Thursday, June 2, 2011

Sandbox Link: Harold Camping

Everyone's laughing at Harold Camping, but has anyone considered this angle of the latest and greatest End of the World prophecy?

Wednesday, June 1, 2011

Stinky Feet: What You Can Learn From Your Character's Shoes

Have you stepped into your character's shoes lately? Have you literally jumped feet-first into an intimate, probably odiferous detail of your character's life?

No? Well, grab a clothespin and some clean socks and prepare to be amazed at how much you can learn from a pair of shoes.

Ready? Okay, open your character's closet and ease your feet into your character's shoes, the ones they wear every day. Are they too big? too small? Let's say you're a woman, size eight, and your character is a woman, size seven. Too small, but never mind, for this exercise they magically fit.

What kind of shoes are they? Flats or heels? (Flats.) Flip-slops, sneakers, or slides? (Elegant leather slides.) Interesting. Go deeper. Sink your feet into the soles. Are they new and stiff, or comfortably worn? (Stiff, hard, and so new they hurt.) So appearance matters to your character, at the expense of comfort.

Now take a peek around the closet. Are the other shoes similar? You're puzzled: all the other shoes are casual ones, well-worn and comfy. Why has your character suddenly started wearing something different?

Kick the left shoe off now, and raise it to your nose. Yes, go on! Ugh. Sulphur and onions! So she's got smelly feet. What's that white poof of powder? Baking soda. So she's aware of the odor enough to do something about it. Why? Does she work somewhere where the occasional whiff of Foot is not acceptable? Is she dating someone, and eager not to offend? Or is she simply very conscious of herself? Is this self-consciousness why she started wearing these shoes in the first place?

There's nail polish on the edge of the shoe. Glittery silver. An unusual color. What made her choose this?

You're curious now. Step out of the shoes, and wait, invisible, as your character comes into the room and steps into them herself. Now, with the magic power of an author, enter your character. Become her, as she stands in those shoes.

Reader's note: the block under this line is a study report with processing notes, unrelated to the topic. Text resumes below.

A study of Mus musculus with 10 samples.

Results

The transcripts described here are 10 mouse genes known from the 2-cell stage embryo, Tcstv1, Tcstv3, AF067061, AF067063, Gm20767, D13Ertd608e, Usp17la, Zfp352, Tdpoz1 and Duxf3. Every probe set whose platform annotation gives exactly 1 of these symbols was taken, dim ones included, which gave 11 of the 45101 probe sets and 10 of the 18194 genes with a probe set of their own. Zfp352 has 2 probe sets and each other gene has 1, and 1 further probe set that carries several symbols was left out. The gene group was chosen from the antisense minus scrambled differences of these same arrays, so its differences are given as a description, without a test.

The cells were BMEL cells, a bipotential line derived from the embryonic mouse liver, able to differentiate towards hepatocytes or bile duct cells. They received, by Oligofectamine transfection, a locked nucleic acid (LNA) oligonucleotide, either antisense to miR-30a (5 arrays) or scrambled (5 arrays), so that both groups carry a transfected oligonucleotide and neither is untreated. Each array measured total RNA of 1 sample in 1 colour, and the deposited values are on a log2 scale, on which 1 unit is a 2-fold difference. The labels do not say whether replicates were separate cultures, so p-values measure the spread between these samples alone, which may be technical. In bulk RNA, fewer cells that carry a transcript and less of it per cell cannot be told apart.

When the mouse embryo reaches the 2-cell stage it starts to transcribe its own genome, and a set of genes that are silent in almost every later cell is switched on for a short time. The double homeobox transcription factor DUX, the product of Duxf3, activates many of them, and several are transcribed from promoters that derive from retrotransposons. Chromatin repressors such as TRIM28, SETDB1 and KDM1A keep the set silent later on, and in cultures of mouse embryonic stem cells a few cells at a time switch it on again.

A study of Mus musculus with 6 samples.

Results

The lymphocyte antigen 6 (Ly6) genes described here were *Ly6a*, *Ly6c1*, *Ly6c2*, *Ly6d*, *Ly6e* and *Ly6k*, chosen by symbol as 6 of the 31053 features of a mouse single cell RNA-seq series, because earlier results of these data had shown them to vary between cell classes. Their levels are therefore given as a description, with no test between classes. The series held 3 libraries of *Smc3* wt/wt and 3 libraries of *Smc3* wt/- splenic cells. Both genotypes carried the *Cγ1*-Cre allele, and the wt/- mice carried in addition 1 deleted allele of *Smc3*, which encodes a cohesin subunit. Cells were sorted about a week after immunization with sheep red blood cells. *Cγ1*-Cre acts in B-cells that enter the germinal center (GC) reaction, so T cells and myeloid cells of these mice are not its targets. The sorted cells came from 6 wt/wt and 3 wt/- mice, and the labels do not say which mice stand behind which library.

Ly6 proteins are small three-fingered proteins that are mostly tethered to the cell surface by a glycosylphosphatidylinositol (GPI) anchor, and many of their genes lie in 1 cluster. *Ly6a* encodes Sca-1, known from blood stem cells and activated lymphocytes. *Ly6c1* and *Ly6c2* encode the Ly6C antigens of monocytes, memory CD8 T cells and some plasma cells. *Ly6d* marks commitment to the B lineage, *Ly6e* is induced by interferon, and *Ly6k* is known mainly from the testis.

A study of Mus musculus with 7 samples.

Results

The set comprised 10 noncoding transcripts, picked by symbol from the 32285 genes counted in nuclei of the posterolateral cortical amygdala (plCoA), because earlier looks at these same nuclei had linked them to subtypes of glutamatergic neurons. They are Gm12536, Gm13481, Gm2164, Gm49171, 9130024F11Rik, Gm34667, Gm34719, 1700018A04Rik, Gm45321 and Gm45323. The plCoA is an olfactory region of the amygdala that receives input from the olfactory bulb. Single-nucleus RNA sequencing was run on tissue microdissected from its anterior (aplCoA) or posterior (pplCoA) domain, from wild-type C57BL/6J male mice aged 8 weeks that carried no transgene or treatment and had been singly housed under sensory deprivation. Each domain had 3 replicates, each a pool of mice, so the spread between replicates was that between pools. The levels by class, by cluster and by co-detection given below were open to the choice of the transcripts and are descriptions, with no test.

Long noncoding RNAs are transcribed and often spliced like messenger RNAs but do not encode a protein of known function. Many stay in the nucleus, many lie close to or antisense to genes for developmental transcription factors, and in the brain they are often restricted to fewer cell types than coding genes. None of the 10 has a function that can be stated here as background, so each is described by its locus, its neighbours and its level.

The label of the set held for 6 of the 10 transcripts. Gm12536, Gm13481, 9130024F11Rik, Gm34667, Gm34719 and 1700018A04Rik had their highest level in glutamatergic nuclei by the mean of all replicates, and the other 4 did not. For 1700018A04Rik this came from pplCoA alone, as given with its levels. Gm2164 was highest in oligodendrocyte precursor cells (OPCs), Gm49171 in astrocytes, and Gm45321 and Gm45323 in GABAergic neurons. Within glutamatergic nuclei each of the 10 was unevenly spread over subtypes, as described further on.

Feel how her heelbones crunch against the hard soles of the slides. She's tired and discouraged. Her heels are itchy from the pumice rub she just gave them in the shower. She scuffs one against the toe of her other foot. A flake of polish chips off her toenail. Angrily, she bends over to yank at the loose flap.

You sense someone made fun of the color. A boyfriend?

“Dear mother-in-law.” An angry grunt as the polish is removed. “I can't keep anything of my own, can I? Not even this.”

Wow! Were you expecting that? I wasn't. I thought she was dating, and eager to impress that Perfect Someone. Instead, she's making an abnormal effort to please her mother-in-law, of all people. Why is the older woman's opinion so important? What does that say about Ms. X's marriage? Something's strange here, and obviously, it's crucial to the character.

See how much you can learn from sticking your feet into someone else's shoes? You can do this with clothes too, but for me, shoes work best: both men and women tend to individualize more with shoes than clothing. This is probably the single best way I know for getting to the sole of your character (pardon the pun: couldn't resist) and finding out what makes them tick. It works fantastically for exploring a new character, but try it on your tried-and-true standbys, as well. If you don't know how it feels to stand in your character's shoes, then you don't know your character as well as you should. Maybe none of what you learn will ever fit into your Epic Work, but the details you learn will change how you see your characters, and will give them depth they never had before.

Just...make sure you have a clothespin. Some of the details you turn up might be a little - smelly?